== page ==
What is the feeling of fear?
BUSINESS MATTERS (BEYOND THE BOTTOM LINE) - Francis J. Kong (The Philippine Star) - May 16, 2020 - 12:00am

Things are uncertain. Everybody is scared. Nobody knows what the rules are. Business owners are scared, your family is worried, and you are scared. When we come across an article or a webinar speaker saying, “It’s okay to be afraid,” then we scare the more!

What does being scared feels like in this COVID-19 environment? I hear a lot of people saying, “We are all in the same boat.” “Yes, but not everyone has the same storms.” The storms faced by a wealthy businessman with a rich reserve of wealth may not have the same intensity as the daily wage earner who is now out of his or her job. And the out-of-job healthy worker does not have the same storm as the one struggling for his or her breadth through the ventilator fighting for life.

What is the feeling of being afraid? Steve Andreas tells us this story.[1] “During Napoleon’s invasion of Russia, he separated from his men. A group of Russian Cossacks spotted him and began chasing him. Napoleon ran for his life and slipped into a little furrier’s shop on a side alley. Gasping for breath, he saw the furrier and cried piteously, “Save me, save me! Where can I hide?” The furrier said, “Quick, under this big pile of furs in the corner,” and he covered Napoleon up with many furs.

The Russian Cossacks burst in the door, shouting, “Where is he? We saw him come in.” They tore his shop apart, they poked into the pile of furs with their swords but didn’t find him. Soon, they gave up and left.

Later, Napoleon crept out from under the furs, unharmed, just as Napoleon’s guards came in the door. The furrier turned to Napoleon and said timidly, “Excuse me for asking this question of such a great man, but what was it like to be under those furs, knowing that the next moment would surely be your last?”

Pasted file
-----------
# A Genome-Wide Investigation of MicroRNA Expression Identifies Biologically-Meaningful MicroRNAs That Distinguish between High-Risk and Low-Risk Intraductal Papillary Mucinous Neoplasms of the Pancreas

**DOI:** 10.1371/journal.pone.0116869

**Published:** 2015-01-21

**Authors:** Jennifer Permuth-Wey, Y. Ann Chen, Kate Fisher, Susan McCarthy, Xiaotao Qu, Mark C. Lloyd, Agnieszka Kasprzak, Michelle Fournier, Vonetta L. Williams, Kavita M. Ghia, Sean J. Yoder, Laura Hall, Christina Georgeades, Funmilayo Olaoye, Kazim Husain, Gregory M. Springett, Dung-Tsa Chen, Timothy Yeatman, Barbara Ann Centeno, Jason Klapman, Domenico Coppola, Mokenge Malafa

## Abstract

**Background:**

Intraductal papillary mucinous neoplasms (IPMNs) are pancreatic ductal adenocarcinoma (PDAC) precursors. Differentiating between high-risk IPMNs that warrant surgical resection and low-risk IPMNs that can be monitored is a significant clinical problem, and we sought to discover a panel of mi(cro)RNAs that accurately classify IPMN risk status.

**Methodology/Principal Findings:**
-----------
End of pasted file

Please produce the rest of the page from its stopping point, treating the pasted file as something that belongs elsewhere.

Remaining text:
Napoleon drew himself up to his full height and said to the furrier indignantly, “How could you ask such a question of me, Emperor Napoleon! Guards, take this impudent man out, blindfold him, and execute him. I, myself, will personally give the command to fire!”

The guards grabbed the poor furrier, dragged him outside, stood him up against a wall, and blindfolded him. The furrier could see nothing, but he could hear the movements of the guards as they slowly shuffled into a line and prepared their rifles, and he could hear the soft ruffling sound of his clothing in the cold wind. He could feel the wind tugging gently at his clothes and chilling his cheeks, and the uncontrollable trembling in his legs. Then he heard Napoleon clear his throat and call out slowly, “Ready... aim...” At that moment, he entertained a feeling that he couldn’t describe welled up in him as tears poured down his cheeks.

After a long period of silence, the furrier heard footsteps approaching him, and the blindfold was removed from his eyes. Partially blinded by the sudden sunlight, he saw Napoleon’s eyes looking intently into his own - eyes that seemed to see into every dusty corner of his being. Then Napoleon said softly, “Now you know.””

This is way too dramatic to explain what fear is. But at least the furrier experienced it, and now he understands. Somehow, the principle is the same when it comes to understanding people. Whether it is fear of losing one’s life savings, fear of losing a loved one, we will never know what that feeling is until we go through it ourselves. I have trained myself never to say, “I know how you feel.” Because I honestly do not. A businessperson I admire and respect says, “Francis, for people in the elite, those who have the means; encourage them to do their part to jumpstart the economy. Front-load the spending whether it is for personal needs or wants, it does not matter. Business must pick up so that there will be jobs, taxes, etc. and this is their way to help our country and everyone.” This businessperson has his storms too, but he focuses not only on himself but on ways to help the situation, and that is admirable.

God allows us to go through hurts and pains in life so that we can learn from the experience and to use it to help and encourage others. And this we should do, especially during these times of great need.

(Connect with Francis Kong in www.facebook.com/franciskong2. Or listen to “Business Matters” Monday to Friday 8:00 a.m. and 6:30 p.m. over 98.7 DZFE-FM ‘The Master’s Touch’, the classical music station.)